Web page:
Questions regarding undocumented immigrants and illegal immigration were at the forefront of U.S. Rep. Fred Keller’s (R-Pa.-12) recent “tele town hall” Tuesday.
Keller addressed concerns around recent reports that several federal planes containing undocumented immigrants landed in the Wilkes-Barre Scranton Scranton/Wilkes-Barre International Airport. Keller focused his consternation on the fact that many of the immigrants in question were unaccompanied minors that are at risk of being trafficked. Keller said that he and U.S. Rep. Dan Meuser (R-Pa.-9) have reached out to ICE, Health and Human Services, and the Border Patrol and are working toward accountability and ensuring the administration tracks where these relocated immigrants are placed after they arrive at the border.
A caller brought up a recent hostage situation in Texas involving a British national who had arrived in New York last month, asking “What are we doing not vetting these individuals?” Keller answered that he and several Republican colleagues travelled to the border and spoke with local law enforcement to determine what they need to combat immigration. Keller blamed the Biden Administration for stopping certain programs from the Trump Administration such as border wall construction on the recent surge in immigration numbers.
Keller lauded the Supreme Court’s recent decision striking down Biden’s mandate that businesses with more than 100 employees mandate COVID vaccination and repeatedly mentioned that government accountability and responsibility is a key tenet of his platform.
Keller also addressed several questions about infrastructure, particularly about funding for rural broadband expansion. A lack of reliable internet has long been an issue in rural areas such as Keller’s district. Keller replied, “There already is federal money out there that has been allocated towards this. It’s a matter of deployment.” In addition, Keller highlighted efforts by Bradford County Progress Authority and its “middle mile” program, which has been installing fiber optic cables to expand broadband access to more rural locations in the county by providing the base infrastructure to broadband providers.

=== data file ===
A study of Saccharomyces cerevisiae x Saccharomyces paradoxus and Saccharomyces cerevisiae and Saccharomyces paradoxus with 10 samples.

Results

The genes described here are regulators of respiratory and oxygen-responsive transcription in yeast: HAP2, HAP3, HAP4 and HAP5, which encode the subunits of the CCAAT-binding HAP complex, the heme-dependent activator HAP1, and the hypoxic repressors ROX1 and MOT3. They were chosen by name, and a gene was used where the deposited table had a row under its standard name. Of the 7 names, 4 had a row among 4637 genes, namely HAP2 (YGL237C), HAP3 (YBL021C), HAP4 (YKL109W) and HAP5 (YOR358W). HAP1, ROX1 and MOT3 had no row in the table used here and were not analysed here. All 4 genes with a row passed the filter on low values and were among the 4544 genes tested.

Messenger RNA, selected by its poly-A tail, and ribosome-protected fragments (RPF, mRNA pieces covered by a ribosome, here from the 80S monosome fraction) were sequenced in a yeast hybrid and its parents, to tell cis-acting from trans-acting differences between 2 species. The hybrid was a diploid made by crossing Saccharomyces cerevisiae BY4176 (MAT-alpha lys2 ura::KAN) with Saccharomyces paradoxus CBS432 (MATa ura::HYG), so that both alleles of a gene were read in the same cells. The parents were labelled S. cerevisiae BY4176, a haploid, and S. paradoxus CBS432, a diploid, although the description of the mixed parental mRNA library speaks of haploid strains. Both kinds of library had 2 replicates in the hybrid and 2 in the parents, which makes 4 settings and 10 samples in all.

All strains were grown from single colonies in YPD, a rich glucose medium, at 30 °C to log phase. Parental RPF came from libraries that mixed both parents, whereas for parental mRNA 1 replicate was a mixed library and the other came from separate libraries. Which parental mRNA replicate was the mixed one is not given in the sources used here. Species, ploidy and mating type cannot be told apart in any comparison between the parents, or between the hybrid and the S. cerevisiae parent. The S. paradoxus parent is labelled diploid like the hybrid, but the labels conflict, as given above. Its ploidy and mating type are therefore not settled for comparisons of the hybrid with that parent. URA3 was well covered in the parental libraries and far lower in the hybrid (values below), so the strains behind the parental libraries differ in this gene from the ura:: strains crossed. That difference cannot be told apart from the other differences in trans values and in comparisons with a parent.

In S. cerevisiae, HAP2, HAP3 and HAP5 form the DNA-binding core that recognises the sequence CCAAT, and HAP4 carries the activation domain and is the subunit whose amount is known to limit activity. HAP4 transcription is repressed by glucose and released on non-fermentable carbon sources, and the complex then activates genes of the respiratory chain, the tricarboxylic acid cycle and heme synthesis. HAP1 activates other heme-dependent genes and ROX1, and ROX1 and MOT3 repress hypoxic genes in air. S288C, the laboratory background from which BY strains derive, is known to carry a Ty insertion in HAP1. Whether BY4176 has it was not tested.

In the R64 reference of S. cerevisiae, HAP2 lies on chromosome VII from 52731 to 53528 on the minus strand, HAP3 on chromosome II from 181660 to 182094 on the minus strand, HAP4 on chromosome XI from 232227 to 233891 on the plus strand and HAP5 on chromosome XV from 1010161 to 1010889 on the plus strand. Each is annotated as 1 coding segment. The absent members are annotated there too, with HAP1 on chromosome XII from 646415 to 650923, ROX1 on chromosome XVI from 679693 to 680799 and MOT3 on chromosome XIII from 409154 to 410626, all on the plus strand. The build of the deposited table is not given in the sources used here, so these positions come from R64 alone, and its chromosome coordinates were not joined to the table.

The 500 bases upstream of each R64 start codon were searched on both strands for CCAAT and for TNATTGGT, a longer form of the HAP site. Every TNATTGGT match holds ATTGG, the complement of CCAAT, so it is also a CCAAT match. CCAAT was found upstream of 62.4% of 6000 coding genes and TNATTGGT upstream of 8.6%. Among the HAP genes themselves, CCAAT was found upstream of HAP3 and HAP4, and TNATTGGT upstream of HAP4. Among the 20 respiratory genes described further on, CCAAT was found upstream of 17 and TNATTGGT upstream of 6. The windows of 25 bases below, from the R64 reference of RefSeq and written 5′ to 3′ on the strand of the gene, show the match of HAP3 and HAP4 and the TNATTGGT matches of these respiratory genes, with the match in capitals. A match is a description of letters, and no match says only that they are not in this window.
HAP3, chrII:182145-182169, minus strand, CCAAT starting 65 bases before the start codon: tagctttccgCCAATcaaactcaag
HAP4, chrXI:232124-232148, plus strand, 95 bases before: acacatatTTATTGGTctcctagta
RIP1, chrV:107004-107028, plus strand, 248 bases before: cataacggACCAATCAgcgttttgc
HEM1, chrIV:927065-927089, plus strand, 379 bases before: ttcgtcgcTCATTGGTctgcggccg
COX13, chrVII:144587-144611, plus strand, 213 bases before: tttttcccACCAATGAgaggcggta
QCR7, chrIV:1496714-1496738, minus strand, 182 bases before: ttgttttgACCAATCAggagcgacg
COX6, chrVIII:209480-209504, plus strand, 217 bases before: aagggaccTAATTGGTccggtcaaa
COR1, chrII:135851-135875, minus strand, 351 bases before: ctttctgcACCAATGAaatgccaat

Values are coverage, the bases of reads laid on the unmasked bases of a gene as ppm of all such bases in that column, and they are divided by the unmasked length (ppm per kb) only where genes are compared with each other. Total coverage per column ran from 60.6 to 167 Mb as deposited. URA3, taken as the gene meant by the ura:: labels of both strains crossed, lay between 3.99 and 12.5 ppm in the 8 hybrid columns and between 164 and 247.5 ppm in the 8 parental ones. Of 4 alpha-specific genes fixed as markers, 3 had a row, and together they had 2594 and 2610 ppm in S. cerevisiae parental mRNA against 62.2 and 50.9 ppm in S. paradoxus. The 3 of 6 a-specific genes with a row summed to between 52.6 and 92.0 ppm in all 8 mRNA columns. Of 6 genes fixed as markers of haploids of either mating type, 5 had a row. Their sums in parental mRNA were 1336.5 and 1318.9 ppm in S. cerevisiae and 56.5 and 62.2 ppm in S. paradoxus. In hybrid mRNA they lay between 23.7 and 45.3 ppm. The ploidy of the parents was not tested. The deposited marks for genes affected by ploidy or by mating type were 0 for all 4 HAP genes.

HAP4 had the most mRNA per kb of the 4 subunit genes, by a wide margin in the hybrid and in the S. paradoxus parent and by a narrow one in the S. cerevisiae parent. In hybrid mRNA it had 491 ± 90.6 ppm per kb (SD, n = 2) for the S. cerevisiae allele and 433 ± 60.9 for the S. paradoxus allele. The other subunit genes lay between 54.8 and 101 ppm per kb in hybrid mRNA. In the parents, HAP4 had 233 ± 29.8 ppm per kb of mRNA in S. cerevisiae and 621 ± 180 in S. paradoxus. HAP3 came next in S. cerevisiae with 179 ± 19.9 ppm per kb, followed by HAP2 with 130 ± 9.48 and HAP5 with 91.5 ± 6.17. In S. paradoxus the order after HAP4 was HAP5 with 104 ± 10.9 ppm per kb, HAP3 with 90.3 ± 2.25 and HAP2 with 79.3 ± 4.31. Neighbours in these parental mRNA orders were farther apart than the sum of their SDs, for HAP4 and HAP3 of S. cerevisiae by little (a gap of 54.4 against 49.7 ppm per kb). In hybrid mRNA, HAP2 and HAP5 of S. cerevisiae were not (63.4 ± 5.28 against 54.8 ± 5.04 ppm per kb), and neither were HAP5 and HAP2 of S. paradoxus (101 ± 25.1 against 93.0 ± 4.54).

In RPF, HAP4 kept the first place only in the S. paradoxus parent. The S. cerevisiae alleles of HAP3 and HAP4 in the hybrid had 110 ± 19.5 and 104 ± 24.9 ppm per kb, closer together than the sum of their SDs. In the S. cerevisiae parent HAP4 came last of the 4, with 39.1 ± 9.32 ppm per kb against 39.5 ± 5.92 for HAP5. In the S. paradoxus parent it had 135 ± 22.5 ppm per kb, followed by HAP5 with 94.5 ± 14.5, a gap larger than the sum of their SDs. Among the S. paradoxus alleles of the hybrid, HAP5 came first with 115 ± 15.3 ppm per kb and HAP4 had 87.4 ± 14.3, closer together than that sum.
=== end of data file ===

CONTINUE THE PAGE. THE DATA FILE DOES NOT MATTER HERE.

“When we talk about infrastructure, we’re not just talking about roads and bridges and things you see. It’s things you don’t see like freshwater, water treatment, internet, and natural gas pipelines” Keller stated.
Looking forward, Keller said he and his Republican colleagues will focus on rebuilding the economy with an emphasis on harvesting minerals and “getting government out of the way” of private businesses. Keller also brought up his proposed legislation, the CHOICE Act, which would make federal PELL Grants available to students seeking two-year terms in colleges and short term occupational programs. The CHOICE Act has drawn support from both Republicans and Democrats. Another bipartisan legislation he mentioned was with U.S. Rep. Susan Wild (D-Pa.-7), the Nurses Care Act, to allow long-term care professionals to use hours of work accumulated during the COVID-19 pandemic toward their requirements for accreditation.
Keller closed thanking all participants for “giving me the opportunity to bring Pa.-12 values to Washington D.C.”